IOWA CITY — The cookie recipe written in cursive handwriting has just seven ingredients and these simple instructions: Roll very thin and bake quickly.
There’s no mention of oven temperature or hint as to what “very quickly” means. The only other clue is a small notation that says “Maria’s and Mother’s.”
Who are these women? Did they create this recipe? Was it their favorite?
There are no answers to these and other questions raised by the collection of recipes originally compiled in October 1933 by Mother Armstrong for Helen. With some experimenting in the kitchen, though, a baker can determine the proper oven temperature and cooking time.
That’s where Iowa City’s Historic Foodies club comes in.
“There’s a lot of research that goes into understanding these recipes,” says Kathrine Moermond, education and outreach coordinator at Old Capitol Museum.
It takes time to decipher a person’s handwriting to transcribe a recipe, but diving in to figure out what that person meant brings the project to a whole new level. For instance, Moermond came across a recipe that uses a spider.
“I read that and thought ‘What?’” she says. “It turns out it is a skillet with legs.”
The person writing the recipe didn’t think to add that because it was a common cooking utensil at that time.
“These are the types of stories people want to know,” says Colleen Theisen, an outreach and instruction librarian with the University of Iowa’s Special Collections & University Archives.
The University of Iowa Libraries Special Collections Department is home to The Szathmary Collection of Culinary Arts. Founded by Chef Louis Szathmary II, the collection includes works in classical and modern languages, ranging from 15th century printed books to manuscripts of the 17th through 20th centuries.
It was the manuscripts that launched the club Historic Foodies. Many of the manuscripts were digitized and uploaded to the libraries’ DIY History website last fall. The goal was to have the handwritten recipes transcribed, bringing the historical material to the 21st century. The venture is similar to the transcription of the libraries’ Civil War letters project, but Theisen saw potential in expanding it.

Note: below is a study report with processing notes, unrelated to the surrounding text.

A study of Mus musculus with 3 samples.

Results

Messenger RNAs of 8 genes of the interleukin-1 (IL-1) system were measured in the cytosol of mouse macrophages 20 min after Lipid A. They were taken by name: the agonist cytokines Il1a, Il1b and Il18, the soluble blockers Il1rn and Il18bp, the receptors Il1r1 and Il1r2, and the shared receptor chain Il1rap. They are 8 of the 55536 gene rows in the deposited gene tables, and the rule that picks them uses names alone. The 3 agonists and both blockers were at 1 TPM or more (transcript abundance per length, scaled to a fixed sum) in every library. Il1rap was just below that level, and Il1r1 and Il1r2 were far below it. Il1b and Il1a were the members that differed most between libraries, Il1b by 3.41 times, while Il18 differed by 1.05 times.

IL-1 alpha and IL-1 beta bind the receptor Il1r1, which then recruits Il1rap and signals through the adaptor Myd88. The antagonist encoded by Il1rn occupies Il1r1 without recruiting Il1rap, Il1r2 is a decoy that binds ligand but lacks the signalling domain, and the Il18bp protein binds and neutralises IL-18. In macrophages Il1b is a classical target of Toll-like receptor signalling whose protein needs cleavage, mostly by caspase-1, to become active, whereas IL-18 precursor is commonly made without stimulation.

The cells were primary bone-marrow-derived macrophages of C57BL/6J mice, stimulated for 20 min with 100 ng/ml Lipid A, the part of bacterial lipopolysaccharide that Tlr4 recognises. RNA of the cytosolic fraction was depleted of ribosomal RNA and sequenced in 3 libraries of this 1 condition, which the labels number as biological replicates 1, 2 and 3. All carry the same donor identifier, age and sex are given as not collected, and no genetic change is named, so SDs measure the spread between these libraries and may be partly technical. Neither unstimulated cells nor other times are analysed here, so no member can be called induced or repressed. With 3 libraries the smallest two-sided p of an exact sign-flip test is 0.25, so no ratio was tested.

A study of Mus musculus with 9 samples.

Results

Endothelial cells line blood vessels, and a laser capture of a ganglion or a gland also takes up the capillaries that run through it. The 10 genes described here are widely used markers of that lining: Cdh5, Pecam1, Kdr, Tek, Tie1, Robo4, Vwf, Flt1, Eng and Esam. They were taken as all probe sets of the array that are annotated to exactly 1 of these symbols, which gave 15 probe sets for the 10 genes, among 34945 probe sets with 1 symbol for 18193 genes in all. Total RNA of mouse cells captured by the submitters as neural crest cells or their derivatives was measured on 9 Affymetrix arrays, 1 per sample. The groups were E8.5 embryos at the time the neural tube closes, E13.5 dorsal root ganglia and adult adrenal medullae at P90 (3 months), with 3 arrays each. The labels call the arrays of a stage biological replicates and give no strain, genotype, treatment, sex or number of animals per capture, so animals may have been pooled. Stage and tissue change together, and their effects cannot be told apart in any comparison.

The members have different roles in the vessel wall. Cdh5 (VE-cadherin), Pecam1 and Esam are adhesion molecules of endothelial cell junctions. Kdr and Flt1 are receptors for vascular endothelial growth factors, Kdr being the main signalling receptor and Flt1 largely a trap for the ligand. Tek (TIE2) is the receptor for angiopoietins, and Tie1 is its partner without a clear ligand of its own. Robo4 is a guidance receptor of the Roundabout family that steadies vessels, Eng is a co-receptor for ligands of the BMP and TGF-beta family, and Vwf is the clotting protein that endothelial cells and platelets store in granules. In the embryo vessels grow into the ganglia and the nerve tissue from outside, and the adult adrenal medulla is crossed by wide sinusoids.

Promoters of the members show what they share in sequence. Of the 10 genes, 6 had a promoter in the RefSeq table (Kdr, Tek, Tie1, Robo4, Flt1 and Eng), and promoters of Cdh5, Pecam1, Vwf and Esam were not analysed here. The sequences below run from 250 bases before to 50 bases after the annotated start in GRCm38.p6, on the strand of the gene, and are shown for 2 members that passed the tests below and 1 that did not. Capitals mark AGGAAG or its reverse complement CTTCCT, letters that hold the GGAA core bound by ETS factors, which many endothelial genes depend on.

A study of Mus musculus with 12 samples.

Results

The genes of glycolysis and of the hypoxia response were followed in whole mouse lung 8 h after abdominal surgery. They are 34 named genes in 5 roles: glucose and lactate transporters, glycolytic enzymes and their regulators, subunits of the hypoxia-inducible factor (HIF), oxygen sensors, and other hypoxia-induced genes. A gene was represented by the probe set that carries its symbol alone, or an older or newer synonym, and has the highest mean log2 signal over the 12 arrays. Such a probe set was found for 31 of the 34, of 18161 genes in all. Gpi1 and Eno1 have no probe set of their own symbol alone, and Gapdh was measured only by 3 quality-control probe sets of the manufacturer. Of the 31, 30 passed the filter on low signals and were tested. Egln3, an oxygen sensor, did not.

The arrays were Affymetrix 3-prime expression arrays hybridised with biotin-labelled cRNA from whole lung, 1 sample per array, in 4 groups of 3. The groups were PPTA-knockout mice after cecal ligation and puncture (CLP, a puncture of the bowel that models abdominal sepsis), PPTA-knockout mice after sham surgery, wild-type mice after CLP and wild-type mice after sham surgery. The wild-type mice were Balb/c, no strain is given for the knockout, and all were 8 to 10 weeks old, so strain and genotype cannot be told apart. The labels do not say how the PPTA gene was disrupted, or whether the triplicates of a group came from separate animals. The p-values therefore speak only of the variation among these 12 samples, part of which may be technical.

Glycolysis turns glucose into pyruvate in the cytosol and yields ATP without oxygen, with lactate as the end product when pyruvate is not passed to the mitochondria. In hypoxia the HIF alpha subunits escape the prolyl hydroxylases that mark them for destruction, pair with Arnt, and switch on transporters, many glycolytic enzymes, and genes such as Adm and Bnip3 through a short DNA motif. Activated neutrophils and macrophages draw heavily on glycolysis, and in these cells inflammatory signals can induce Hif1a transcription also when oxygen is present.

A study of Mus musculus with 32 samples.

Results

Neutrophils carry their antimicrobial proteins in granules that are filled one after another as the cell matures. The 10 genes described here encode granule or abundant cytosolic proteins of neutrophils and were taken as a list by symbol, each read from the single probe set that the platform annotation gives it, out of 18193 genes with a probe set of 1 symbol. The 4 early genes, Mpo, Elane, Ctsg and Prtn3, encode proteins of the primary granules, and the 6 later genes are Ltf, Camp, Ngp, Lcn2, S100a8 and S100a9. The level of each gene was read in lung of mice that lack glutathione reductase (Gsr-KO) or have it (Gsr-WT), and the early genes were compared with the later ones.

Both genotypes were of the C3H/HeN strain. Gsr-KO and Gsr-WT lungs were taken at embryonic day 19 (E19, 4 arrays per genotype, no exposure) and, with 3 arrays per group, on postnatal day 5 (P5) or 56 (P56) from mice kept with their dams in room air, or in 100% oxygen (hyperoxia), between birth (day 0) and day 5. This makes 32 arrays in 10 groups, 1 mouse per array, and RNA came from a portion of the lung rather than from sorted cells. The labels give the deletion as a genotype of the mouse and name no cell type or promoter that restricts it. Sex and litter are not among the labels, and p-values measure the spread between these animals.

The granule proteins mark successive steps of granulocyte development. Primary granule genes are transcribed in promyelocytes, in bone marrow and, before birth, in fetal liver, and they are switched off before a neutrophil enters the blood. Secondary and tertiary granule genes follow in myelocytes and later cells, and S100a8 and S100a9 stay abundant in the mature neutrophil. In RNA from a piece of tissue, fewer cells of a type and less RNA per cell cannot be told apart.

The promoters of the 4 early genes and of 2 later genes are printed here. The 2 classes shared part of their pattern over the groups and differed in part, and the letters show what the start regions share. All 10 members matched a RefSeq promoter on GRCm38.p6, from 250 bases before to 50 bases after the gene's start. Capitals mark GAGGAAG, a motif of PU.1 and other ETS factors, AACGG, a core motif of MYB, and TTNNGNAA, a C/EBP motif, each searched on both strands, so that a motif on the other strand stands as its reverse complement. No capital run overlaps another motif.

“A recipe goes beyond translation,” she says. “They’re just calling out to be made.”
Jeanne Stoakes agrees.
Stoakes attended the club’s organizational meeting in November and its first meet-and-eat in December. This meeting also included a tour of The Szathmary Collection; an experience Stoakes says renewed her interest in a collection of recipes she has in the attic of her home near Tiffin.
“I have a lot of this era back at home, so it’s a lot of the same writing, a lot of the same foods,” she says. “It makes me want to dig through them.”
Think of the stories recipes hold. Each ingredient is a gateway to the past, a glimpse as to what life was like when a particular dish was made.
“Cookbooks are historical,” says Faith Blaskovich of Lohrville. “So often people write little notes in the margins; I love finding those.”
Blaskovich and her sister, Karen Moehl of Story City, drove to Iowa City to join the Historical Foodies after hearing about the club on Iowa Public Radio.
“Listening to how (Theisen and Moermond) have studied the recipes and tried to re-create them from what sparse information that’s given was intriguing,” Moehl says.
Curiosity piqued, the sisters had to see firsthand how the club’s first group re-creation — cookies — fared.
Sitting in a classroom in the UI’s Main Library, everyone passed around a container of baked goods, sharing their thoughts on making a recipe that was written in 1817, 1868, the early 1900s and 1930.
“This thing is a molasses-laden brick,” Theisen says, cutting into her loaf of soft gingerbread.
Passing around small pieces to everyone, Theisen takes back her earlier description after taking a bite.
“It’s not bad, it just needs to be baked differently,” she says. “It didn’t have instructions and it looked like a bread dough, so I just stuffed it in a bread pan. I think if I baked it differently, maybe baked it like brownies, it would turn out better.”
Theisen’s recipe was chosen from Alice Electa Pickard’s recipe book, dated 1868. Moermond’s cookie recipe — gingersnaps — came from the same book.
“We didn’t realize we were choosing recipes from the same book, from the same page,” Moermond laughs.
The Historic Foodies will meet at 6 p.m. Jan. 29 in the Reading Room of the University of Iowa Special Collections & University Archives to share their triumphs, trials and treats centered around January’s cooking challenge: chocolate.
The meeting is open to all, even those who don’t spend a lot of time in the kitchen.
“I promise my recipe will always be worse,” Theisen says.
Manuscripts from The Szathmary Collection may be accessed online at http://diyhistory.lib.uiowa.edu/. The public also can visit the University of Iowa Special Collections & University Archives to see the recipes in person.